Monday, April 8, 2013

Painting of 1954 Royal Enfield Meteor has own power

This Royal Enfield Meteor looks ready to rock'n'roll.
Artist Ian Cater shared with us his story of the Royal Enfield painting he never finished.

It was his first painting of a motorcycle. The artist and illustrator has gone on to do portraits of other motorcycles from the age of the cafe racers. You can see his work at his website, Motorcycle Art UK. His paintings make you want to put on your oldest leathers and ride to the sea.

And now, at last, he has done a Royal Enfield. And, unlike his first (a 1962 Royal Enfield Constellation), this one is finished.

"Attached is my latest effort," he wrote, "a '54 Meteor twin which for some reason I don't understand looks a bit like it was painted in 1954 too.

"It's not turned out quite the way I had expected. Which may have been what the Meteor's designers were thinking as the first one rolled off the Redditch production line.

"I've been wanting to paint a Royal Enfield for some time, but it's difficult. I know this might upset your readers but, truth is, they just aren't the most exciting-looking or stylish British bikes ever made.

"I know they tried with the Continental GT and late model Interceptors were pretty awesome, but mostly the designs were pretty workmanlike and lumpy. Old man's bikes, and by the late '60s/early '70s you didn't see that many of them around.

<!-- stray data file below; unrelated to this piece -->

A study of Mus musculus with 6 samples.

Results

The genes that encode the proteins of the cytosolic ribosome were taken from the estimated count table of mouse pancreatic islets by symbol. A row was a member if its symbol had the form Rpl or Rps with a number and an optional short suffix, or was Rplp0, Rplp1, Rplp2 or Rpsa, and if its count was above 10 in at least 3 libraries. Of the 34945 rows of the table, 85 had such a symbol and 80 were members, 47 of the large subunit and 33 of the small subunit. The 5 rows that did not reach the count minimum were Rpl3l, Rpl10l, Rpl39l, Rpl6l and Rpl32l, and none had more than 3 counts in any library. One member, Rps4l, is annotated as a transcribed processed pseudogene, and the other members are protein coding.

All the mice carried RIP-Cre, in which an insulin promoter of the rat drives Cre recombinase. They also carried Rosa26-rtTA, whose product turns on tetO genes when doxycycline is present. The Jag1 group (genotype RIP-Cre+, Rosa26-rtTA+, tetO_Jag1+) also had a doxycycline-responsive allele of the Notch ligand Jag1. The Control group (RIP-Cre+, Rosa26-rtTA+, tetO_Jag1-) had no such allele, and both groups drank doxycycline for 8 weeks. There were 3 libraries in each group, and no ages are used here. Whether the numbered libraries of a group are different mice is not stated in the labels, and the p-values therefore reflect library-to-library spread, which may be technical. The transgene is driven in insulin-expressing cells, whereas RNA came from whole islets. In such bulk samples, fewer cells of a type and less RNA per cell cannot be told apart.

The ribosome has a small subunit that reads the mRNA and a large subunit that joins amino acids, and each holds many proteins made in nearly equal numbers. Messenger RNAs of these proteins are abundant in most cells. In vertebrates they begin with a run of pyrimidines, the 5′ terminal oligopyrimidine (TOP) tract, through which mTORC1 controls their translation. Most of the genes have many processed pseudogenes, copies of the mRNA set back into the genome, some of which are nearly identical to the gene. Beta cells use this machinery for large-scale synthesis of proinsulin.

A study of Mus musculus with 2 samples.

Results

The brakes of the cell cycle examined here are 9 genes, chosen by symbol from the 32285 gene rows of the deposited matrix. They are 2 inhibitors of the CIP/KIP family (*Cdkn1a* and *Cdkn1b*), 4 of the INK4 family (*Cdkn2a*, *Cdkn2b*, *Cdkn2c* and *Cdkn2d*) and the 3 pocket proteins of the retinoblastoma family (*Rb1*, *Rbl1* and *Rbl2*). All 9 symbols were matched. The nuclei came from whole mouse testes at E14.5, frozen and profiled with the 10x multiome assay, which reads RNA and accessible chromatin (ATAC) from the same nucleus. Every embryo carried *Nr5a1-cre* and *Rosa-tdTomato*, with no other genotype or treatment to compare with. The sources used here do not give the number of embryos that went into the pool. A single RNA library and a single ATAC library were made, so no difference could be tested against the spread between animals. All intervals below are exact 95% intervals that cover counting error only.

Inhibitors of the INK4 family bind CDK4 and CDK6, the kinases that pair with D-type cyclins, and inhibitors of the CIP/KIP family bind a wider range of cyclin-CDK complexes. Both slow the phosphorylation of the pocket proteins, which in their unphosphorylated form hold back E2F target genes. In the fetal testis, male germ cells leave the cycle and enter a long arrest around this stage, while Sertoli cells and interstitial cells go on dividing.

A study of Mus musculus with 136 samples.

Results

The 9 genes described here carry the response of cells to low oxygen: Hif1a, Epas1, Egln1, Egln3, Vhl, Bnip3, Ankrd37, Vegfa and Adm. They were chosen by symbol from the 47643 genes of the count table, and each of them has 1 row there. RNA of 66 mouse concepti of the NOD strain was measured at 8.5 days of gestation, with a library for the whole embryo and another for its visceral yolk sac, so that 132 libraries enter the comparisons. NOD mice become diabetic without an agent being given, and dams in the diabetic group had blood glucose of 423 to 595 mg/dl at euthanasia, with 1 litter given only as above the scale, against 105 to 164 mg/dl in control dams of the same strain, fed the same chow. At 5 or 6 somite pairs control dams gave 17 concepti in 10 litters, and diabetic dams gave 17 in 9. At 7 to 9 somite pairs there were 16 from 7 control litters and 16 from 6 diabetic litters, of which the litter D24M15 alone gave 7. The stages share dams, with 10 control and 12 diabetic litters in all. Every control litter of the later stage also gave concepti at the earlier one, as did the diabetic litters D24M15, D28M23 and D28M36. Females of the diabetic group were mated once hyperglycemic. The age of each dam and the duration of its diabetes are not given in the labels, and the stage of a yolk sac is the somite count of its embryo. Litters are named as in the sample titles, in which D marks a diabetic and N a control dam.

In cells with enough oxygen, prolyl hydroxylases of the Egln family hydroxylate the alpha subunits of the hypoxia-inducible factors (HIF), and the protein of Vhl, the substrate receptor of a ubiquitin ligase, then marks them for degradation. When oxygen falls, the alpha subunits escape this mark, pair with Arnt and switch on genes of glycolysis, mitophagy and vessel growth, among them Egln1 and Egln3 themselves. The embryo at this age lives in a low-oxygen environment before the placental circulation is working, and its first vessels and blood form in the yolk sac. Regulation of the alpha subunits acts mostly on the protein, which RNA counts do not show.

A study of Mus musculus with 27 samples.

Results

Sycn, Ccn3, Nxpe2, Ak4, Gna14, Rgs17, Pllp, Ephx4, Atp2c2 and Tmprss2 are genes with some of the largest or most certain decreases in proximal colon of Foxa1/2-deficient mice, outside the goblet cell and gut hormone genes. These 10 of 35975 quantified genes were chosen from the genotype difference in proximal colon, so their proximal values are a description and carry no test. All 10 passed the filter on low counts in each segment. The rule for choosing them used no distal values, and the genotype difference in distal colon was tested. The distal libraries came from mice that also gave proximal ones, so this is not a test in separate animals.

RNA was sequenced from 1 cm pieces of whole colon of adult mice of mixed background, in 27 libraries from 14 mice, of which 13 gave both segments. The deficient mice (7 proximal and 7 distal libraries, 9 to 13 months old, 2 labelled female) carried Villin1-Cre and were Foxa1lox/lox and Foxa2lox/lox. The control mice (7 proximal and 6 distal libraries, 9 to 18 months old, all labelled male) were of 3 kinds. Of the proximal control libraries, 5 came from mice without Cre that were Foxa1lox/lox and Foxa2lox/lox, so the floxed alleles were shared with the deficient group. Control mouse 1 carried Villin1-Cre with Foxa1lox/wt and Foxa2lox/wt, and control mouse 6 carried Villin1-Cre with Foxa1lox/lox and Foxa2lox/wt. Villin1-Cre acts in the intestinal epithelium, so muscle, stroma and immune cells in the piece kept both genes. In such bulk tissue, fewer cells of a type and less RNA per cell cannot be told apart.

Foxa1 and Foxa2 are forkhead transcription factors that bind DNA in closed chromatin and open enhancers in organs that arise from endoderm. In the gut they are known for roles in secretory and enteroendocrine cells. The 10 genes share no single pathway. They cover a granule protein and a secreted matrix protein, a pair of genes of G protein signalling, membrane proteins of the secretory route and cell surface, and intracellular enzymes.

"Years ago I had a friend who bought an RE Crusader shortly after getting his driving licence; you could pick one up quite cheap. It was ridiculously difficult to start and he was constantly replacing head gaskets and other seals to stop the outflow of oil.

"If it had looked half decent it might have been worth it, but it didn't and he moved swiftly on to a Honda. My brother's Constellation was pretty impressive, huge engine and massive half-chrome tank, but in terms of looks, a Triumph Bonneville left it standing.

"So why make a painting of a vintage Royal Enfield? Because they're rare and thus slightly mysterious; because they're a bit different, because they're harder to like than more popular models.

"I hope your faithful followers won't be too upset by my comments about Enfield aesthetics. In reality I have a sneaking admiration for the humble RE because, as a typical 20th Century Brit, I have an instinctive affection for an underdog.

"The background for the Meteor is an Art Deco cafe in Canvey Island, east of London on the Thames estuary, home to the rock band Dr Feelgood. Very 1950s."

I think the painting captures the Meteor. Solid. Built Like a Gun, in fact.